The Cost of a Data Breach? $88 Million

There’s a lot of debate about how much data breaches and hacks cost companies – except when there’s not, as with the hack of UK firm TalkTalk, which put the cost at around $88 million.

One of the big questions that bedevil corporate executives is how much a cyber “incident” might cost the company. Indeed: the “cost of breach” as it is often termed is the subject of determined study by folks like The Ponemon Institute (and sponsors like IBM), as well as Verizon, consultancies like Kroll, and so on.

The question isn’t academic. Knowing how much a cyber incident will cost your company helps executives, board members and staff “price” risk and justify expenditures on security software and services.

But the surprisingly simple question of how much malicious cyber activity costs belies a surprisingly complex puzzle. Incidents like a denial of service attack might be easy to price: just figure out how much money you make from being online (if you’re an online retailer like, that’s a big number), then figure out how long the DDoS attack took you offline, add in the cost to get back online, investigate the incident and remediate, and you have it.

With other kinds of attacks – like data theft – the question is a lot more difficult to answer. Few public firms disclose “material” cyber incidents that affect them, even though the law in the U.S. would seem to mandate it. Some of the biggest cost drivers of breaches – like credit monitoring for affected customers and employees – end up costing much less than you would think. And, while corporate boards may be bracing for more cyber regulations that impost costs on breaches and data theft, there’s been little progress on that, at least at the federal level, nor is there likely to be any in an election year.

But there’s no doubt that hacks and other incidents do cost companies considerably and, every so often, the curtains part to give us a glimpse of how significant those costs are. That’s what happened this week in the case of UK telecommunications firm TalkTalk.

As you may recall, TalkTalk was the victim of a cyber attack in the final months of 2014 that resulted in the theft of personal data on 150,000 customers, including names, addresses, phone numbers and TalkTalk account numbers. At the time, the company said that some of that data was used in follow on attacks aimed at extracting bank account and credit card information from victims.

Subsequent reporting suggested that the company was the victim of a distributed denial-of-service (DDoS) attack coupled with a SQL injection attack against application servers containing customer data.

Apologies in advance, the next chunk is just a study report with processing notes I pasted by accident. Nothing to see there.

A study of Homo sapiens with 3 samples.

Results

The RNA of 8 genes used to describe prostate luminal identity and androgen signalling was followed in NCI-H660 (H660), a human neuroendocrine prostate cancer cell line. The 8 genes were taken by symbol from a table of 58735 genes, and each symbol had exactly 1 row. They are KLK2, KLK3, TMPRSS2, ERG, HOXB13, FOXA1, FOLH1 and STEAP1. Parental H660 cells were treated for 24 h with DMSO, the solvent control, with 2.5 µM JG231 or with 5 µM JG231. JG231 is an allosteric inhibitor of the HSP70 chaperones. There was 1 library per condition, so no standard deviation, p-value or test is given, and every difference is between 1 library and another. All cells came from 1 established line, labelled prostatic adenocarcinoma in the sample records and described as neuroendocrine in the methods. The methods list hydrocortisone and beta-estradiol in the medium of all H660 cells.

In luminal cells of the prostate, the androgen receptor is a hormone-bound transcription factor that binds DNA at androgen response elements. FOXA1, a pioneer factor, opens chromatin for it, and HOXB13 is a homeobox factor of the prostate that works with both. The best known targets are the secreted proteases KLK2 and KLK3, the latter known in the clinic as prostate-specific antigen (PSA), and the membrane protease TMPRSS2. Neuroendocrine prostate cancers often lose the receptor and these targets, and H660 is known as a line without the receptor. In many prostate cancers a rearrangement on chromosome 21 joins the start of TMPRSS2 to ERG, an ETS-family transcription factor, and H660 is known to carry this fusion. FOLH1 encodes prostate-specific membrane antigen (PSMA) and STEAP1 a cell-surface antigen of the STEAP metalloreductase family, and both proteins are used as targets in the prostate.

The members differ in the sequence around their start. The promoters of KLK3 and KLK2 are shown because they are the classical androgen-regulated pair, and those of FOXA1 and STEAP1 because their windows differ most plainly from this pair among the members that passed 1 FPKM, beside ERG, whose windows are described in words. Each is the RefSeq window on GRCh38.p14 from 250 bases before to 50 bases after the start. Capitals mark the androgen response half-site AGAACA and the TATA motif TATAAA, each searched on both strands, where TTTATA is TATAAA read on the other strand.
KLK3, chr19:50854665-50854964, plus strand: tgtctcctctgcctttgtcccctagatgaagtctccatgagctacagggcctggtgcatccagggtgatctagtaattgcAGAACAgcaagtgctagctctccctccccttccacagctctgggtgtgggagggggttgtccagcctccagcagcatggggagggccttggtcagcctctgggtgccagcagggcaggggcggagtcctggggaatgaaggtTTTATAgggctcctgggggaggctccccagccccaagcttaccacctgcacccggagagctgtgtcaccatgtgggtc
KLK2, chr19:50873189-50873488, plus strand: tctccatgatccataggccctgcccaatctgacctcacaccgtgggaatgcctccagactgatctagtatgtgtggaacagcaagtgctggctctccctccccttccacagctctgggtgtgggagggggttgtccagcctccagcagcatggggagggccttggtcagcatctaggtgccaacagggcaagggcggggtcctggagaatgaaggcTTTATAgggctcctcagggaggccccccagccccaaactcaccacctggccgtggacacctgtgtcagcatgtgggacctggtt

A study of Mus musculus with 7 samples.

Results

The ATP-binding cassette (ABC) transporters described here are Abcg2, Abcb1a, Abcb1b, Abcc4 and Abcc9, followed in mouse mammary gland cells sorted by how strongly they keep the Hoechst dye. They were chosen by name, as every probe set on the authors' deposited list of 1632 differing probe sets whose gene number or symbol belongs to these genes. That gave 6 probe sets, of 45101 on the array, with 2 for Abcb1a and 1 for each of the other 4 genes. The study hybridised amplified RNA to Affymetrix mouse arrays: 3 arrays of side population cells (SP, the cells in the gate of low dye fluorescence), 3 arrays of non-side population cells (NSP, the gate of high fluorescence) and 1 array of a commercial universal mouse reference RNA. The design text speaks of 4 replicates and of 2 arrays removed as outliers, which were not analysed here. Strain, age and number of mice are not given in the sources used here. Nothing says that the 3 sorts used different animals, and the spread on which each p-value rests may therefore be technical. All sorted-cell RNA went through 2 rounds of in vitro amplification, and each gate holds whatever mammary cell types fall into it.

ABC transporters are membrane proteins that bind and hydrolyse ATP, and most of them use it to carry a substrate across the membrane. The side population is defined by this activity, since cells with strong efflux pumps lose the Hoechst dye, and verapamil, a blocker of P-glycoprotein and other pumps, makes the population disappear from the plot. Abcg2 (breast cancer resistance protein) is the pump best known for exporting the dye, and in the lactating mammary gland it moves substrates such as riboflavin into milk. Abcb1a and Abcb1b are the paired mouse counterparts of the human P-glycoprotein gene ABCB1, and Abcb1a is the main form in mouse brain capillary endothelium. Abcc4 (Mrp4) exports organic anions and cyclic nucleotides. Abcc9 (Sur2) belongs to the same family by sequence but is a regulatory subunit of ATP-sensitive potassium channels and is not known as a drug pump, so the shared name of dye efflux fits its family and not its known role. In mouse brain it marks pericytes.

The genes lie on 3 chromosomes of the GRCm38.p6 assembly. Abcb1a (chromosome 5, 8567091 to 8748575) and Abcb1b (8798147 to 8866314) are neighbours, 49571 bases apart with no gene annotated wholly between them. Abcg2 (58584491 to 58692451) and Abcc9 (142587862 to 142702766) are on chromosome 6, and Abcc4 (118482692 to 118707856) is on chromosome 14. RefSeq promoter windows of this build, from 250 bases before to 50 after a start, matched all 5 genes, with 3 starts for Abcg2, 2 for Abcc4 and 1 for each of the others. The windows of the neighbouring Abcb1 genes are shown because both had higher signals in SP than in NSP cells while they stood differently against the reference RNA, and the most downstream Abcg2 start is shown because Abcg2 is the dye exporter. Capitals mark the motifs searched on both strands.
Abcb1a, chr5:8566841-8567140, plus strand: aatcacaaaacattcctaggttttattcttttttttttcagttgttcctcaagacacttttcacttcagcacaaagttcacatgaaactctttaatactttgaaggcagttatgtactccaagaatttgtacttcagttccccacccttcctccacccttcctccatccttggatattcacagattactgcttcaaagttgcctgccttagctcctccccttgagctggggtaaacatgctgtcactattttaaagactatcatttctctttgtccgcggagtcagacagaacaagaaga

According to a report on Tuesday, however, we now know how much all that malicious activity cost the company: around £60 million, or $88 million at current exchange rates.

Where did that figure come from? TalkTalk said that most of the costs were only indirectly linked to the breach. For example, the company lost 101,000 customers in the months following the breach, 95,000 of which it estimates were because of the hack. The company also suffered a £15m trading impact and incurred other "exceptional" costs of £40 to £45m during the third quarter of 2015.

It should be noted that those costs are much higher than the £35m price tag that TalkTalk initially put on the incident, which considered the cost of recovery and additional customer support.

Is this important? It should be: firm data on the cost of hacks is notoriously hard to come by and, absent strong federal legislation in the U.S., many firms that are the victim of cyber incidents find ways to sweep the details of the incident under the rug. It’s also worth noting that the TalkTalk revelation underscores the cost to businesses of cyber incidents that have little to do with recovery from the incident itself: loss of customers, reputation damage, fines and other penalties all add to the (hidden) cost of incidents. In cases where attackers make off with intellectual property or other sensitive data, we can expect the costs to mount even more.

Paul F. Roberts is the Editor in Chief of The Security Ledger and Founder of The Security of Things Forum.

Image via TalkTalk/Found

Paul Roberts

Paul Roberts

Paul Roberts is the editor in chief of The Security Ledger and founder of the Security of Things Forum. A seasoned reporter, Paul has more than a decade of experience covering the IT security space. His writing has appeared in publications including The Christian Science Monitor, MIT Technology Review and The Economist Intelligence Unit. He's appeared on news outlets including Al Jazeera America, NPR's Marketplace Tech Report and The Oprah Show.